Essays on Regulation in the United States

Brandon M. Pizzola

Major Professor: Alex T Tabarrok, PhD, Department of Economics

Committee Members: Thomas Stratmann, Garett B. Jones

Carow Hall, Conference Room
October 01, 2018, 01:00 PM to 03:00 PM

Abstract:

This dissertation consists of three chapters on regulation in the United States:

Business regulation and business investment: Evidence from US manufacturing 1970–2009

Regulation is often portrayed as placing a substantial burden on US businesses and the overall US economy. Moreover, policy options of “cutting red tape” and “reducing federal bureaucracy” are often asserted to be a way to stimulate investment and, through this channel, a way to promote economic growth. This chapter examines the relationship between growth in regulatory restrictions in the Code of Federal Regulations and manufacturing investment in the United States over the 1970–2009 period. An industry-level dataset is constructed by mapping the novel industry-specific RegData dataset from the Mercatus Center at George Mason University to the comprehensive industry-specific manufacturing data in the NBER-CES Manufacturing Industry Database. In total, the constructed dataset includes 337 manufacturing industries. This approach yields substantial evidence that increased business regulation is associated with decreased business investment.

Occupational licensing causes a wage premium: Evidence from a natural experiment in Colorado’s funeral services industry

This chapter studies the effect of occupational licensing on wages in the funeral services industry using a rare natural experiment. In 1983, Colorado delicensed funeral services. Using difference-in-differences, difference-in-difference-in-differences, and synthetic control specifications, this chapter compares wages in Colorado’s funeral services industry to wages in the US funeral services industry. Overall, the results from difference-in-differences, difference-in-difference-in-differences, and synthetic control specifications suggest occupational licensing causes a wage premium of 11–12%. This chapter finds similar results from a standard cross-sectional wage regression using data on individuals in 1990. Thus, this suggests that cross-sectional regressions of wages on occupational licensing in other industries are a good baseline estimate of a causal effect. This chapter also finds that licensing increases prices and appears to push consumers away from cremation and towards more expensive burial procedures.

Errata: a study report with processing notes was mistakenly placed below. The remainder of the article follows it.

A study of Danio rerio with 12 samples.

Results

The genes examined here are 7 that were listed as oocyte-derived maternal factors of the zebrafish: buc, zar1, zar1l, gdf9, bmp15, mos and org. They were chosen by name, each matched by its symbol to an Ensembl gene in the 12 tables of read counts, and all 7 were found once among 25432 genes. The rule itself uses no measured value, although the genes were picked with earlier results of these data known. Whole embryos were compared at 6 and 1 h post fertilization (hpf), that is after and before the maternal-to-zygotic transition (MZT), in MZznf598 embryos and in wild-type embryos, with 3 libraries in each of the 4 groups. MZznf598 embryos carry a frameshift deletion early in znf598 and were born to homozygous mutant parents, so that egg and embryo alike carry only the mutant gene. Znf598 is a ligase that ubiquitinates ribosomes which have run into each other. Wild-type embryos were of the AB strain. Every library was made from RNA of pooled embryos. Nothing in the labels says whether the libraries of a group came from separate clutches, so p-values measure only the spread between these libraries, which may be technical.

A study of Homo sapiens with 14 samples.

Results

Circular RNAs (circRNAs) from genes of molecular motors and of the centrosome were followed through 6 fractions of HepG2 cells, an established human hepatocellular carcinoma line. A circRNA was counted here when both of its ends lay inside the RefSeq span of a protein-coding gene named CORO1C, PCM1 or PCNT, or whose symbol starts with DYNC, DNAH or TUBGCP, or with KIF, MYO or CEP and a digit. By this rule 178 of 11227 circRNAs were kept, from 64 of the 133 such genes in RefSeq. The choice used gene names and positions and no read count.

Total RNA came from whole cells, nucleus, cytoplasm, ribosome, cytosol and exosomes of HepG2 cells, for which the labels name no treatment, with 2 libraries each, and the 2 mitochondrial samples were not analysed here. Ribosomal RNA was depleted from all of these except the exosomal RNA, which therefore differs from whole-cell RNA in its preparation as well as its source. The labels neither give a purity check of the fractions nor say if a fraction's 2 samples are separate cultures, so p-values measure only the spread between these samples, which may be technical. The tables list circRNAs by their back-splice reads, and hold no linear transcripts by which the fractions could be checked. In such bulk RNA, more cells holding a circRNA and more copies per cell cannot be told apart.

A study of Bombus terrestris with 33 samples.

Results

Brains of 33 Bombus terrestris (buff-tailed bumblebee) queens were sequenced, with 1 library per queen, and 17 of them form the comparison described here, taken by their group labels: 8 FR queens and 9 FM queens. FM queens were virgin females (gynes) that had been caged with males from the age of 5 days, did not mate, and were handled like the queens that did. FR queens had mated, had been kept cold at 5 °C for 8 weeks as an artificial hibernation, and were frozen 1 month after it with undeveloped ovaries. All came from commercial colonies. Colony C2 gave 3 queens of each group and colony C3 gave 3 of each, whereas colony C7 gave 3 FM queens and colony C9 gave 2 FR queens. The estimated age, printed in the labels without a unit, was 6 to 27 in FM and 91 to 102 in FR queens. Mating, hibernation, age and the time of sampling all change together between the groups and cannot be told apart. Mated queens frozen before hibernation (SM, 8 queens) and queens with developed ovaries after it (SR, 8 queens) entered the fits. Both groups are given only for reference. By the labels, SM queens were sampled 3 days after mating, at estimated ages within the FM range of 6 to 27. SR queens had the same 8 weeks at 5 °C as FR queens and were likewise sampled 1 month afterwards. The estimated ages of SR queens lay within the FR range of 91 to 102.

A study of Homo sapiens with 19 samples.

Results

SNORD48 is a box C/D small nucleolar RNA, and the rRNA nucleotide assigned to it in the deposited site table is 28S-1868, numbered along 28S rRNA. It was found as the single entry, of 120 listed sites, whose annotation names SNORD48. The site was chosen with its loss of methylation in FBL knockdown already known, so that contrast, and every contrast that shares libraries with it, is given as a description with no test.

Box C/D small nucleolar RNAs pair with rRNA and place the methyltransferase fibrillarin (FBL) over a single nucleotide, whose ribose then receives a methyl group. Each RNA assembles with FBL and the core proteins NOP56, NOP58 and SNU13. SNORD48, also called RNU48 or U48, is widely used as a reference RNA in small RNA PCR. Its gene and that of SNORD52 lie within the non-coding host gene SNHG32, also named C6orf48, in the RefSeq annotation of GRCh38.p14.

Residential building permits and housing prices: Evidence from US counties

This chapter introduces a new, direct measure of a local barrier to housing development covering each of the 3,141 counties in the United States. Specifically, an indicator variable is constructed for whether or not a building permit is required for new residential construction in a county and its relationship with a county’s median housing price is examined. Four sets of results are included. First, the relationship between whether or not a building permit is required for new residential construction and a county’s median housing price is examined for the full dataset. Then, to address potential concerns about identification issues, this relationship is examined with three alternative subsets of the data: counties not requiring a building permit and (1) permitting counties similar to non-permitting counties in terms of population density, (2) permitting counties similar to non-permitting counties in terms of the total population, and (3) permitting counties adjacent or close to non-permitting counties. The results suggest a county requiring a building permit for new residential construction is associated with a 2.7% to 4.2% higher median housing price.